Causes on Slow Internet

There are a few basics to understand before we dive in on whether or not weather conditions slow WiFi speeds. First is that WiFi is just a wireless version of your internet connection. This means that if WiFi is slow, but the wired internet connection is normal speed, you likely have another issue. Slow WiFi can be caused by aging routers, bad router locations, or too many devices using the internet at once. If you bypass your router and the speed is fine, one of those three issues is where you should start.

Second, the type of internet you have will determine what types of interference are possible. Cable internet (coaxial cable lines), fiber internet (fiber cable lines), and DSL internet (phone lines) are all “fixed-line” types of internet connections. Fixed wireless internet (Webformix), mobile wireless internet, and satellite internet signals travel through radio waves at different frequencies (2.4 GHz and 5 GHz mainly).

Third, if you have satellite internet weather will definitely slow your speeds. It can also knock out your connection entirely. All satellite internet is subject to weather interference, even if that bad weather is far away. Even new low-orbit satellite internet is known to stop working when it gets too hot. We aren’t going to talk about satellite internet because it is known to quit working in unfavorable weather. That is why it is a “last resort” type of internet connection.

Can Bad Weather Slow Down Your Internet?

While bad weather and slow internet speeds may show correlation, they do not show causation. Increased internet usage is one of the biggest causes of slow speeds during bad weather. More people are stuck inside at once, so more people are using the internet at once. That means there is less bandwidth to go around.

Does Rain Slow WiFi?

WiFi works mainly on the 2.4 GHz radiofrequency. This frequency can be partially absorbed by water droplets resulting in “signal attenuation.” However, WiFi is indoors with your router so it is not exposed to the rain. What is more likely is that your router is the culprit. The router may be too far away from you or need replacing. This does mean that outdoor public WiFi could experience signal attenuation and slow down, but not inside your home.

Rain fade can be an issue with wireless internet. It happens when moisture in the air reduces signal strength. The frequency of the signal matters, not all signals have a frequency that is susceptible to rain fade. The 11 GHz and higher frequencies used to transmit the connection from tower to tower can experience rain-fade. However, the signal that connects clients to the tower is not usually affected.

If you have cable internet, rain can soak signal amplifiers and cause speed loss. Physical water leaks and cable damage are also possible with DSL internet connections. These are not very common issues, but they are possibilities to be aware of if you live in an area with older infrastructure. Of course, physical equipment damage from extreme weather can also take out internet service of any type.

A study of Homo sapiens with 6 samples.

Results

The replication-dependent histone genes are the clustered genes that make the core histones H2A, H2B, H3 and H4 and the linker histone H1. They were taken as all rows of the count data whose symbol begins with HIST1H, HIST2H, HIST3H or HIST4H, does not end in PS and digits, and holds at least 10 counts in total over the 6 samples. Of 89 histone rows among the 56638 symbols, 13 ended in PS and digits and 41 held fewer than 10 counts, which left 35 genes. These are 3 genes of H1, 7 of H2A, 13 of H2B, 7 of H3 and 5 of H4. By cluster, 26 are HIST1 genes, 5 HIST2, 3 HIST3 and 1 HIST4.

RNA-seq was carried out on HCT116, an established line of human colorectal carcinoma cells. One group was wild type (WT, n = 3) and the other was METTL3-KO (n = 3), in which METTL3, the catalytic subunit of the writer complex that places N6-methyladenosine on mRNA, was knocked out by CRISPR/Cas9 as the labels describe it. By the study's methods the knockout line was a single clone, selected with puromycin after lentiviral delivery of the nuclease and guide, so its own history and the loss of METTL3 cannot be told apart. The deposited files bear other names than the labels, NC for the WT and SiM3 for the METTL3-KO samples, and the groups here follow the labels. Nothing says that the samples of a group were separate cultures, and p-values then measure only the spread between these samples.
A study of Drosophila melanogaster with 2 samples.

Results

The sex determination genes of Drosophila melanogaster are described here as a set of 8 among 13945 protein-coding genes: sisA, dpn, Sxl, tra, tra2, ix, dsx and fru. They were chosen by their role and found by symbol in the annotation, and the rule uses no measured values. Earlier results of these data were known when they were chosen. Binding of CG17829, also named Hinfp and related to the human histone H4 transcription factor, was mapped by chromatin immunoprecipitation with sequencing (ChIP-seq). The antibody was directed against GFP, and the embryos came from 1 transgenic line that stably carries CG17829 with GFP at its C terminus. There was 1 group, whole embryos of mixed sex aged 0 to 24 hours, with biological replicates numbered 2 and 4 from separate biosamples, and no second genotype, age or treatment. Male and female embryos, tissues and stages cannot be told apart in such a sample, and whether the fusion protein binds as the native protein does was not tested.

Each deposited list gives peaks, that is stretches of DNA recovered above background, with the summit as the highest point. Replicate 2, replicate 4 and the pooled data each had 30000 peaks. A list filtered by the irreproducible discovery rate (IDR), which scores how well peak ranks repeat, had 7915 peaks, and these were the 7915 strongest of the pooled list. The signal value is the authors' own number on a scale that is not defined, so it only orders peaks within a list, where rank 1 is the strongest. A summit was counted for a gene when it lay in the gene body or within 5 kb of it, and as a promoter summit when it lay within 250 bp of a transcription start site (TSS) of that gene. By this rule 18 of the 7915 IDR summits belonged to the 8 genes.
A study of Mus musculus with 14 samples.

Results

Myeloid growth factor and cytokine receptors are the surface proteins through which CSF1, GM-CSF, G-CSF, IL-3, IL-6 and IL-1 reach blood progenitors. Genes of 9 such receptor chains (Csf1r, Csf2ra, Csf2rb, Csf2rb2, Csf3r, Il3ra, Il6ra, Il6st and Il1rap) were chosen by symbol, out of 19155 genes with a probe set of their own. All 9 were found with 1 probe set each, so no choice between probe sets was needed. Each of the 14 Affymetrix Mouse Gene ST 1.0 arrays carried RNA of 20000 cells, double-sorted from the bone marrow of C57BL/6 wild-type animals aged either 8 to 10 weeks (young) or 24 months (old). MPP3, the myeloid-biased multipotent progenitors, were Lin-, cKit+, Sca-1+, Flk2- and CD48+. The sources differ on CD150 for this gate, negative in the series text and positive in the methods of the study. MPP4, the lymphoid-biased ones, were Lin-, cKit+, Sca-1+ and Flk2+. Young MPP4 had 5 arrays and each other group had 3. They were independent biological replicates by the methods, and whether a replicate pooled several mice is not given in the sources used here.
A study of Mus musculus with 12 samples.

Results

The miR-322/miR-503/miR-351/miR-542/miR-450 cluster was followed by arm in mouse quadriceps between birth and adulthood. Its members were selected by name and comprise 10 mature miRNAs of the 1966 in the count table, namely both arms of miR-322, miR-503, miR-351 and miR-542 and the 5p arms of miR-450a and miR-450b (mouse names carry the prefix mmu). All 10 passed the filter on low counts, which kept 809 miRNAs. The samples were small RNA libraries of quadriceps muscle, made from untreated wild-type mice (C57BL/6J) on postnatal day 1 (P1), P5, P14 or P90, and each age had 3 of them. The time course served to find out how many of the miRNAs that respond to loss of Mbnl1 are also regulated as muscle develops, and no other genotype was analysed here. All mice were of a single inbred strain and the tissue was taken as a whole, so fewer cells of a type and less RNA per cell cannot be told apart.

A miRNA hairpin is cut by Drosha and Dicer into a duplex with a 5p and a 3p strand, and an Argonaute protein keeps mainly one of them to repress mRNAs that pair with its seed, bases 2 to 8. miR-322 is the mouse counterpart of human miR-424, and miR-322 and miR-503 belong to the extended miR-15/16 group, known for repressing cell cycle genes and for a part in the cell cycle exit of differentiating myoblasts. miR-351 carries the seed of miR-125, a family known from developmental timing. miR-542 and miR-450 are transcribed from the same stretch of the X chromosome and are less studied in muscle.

Does Fog Slow WiFi?

Fog does not slow WiFi speeds. Fog is a weather condition that can create rain fade, but it will not slow your home internet speeds.

Does Smoke Slow WiFi?

Smoke does not slow WiFi speeds unless it is leaving particles like dust and debris in your router. In Central Oregon and Southern Oregon, we do see hazy days during fire season. They have no impact on internet speeds for cable internet, fiber internet, DSL internet, or wireless internet. Again, the more likely issue is the router or the increased number of people indoors using the internet.

Does Snow Slow WiFi?

Changes in temperature from cold to warm cause the ground to expand and contract. Cold also makes the metal in cables more susceptible to damage. It is possible, but not common, for cold to damage internet cables. Depending on the damage, that could slow WiFi speeds. However, copper and fiber optic cables are not vulnerable to the cold. Snow could cause slow WiFi if there is moisture where wires connect or metal wire degradation. More likely, there are just more people online leaving everyone with less bandwidth to go around.

What to do if Your Internet is Slow

Along with these six troubleshooting steps, you should also call your internet service provider if your internet is consistently slow. Be aware that the weather is the least likely issue! More often the problem is increased internet traffic in the area or issues with your router or cables.

  1. Minimize the number of devices connected to the internet
  2. Reset your router (and modem if you have one, Webformix clients do not)
  3. Bypass your router to see if it is creating problems
  4. Change the position of your router or get a WiFi extender if distance is causing signal loss
  5. Make sure outdoor connections are secure and sealed
  6. Check your ethernet cable (or other connection cable type) for damage
Sabine Downer

Sabine Downer

Sabine Downer is the Webformix Marketing Specialist that is responsible for our online content such as blogs, ads, internet promotions, and social media engagement.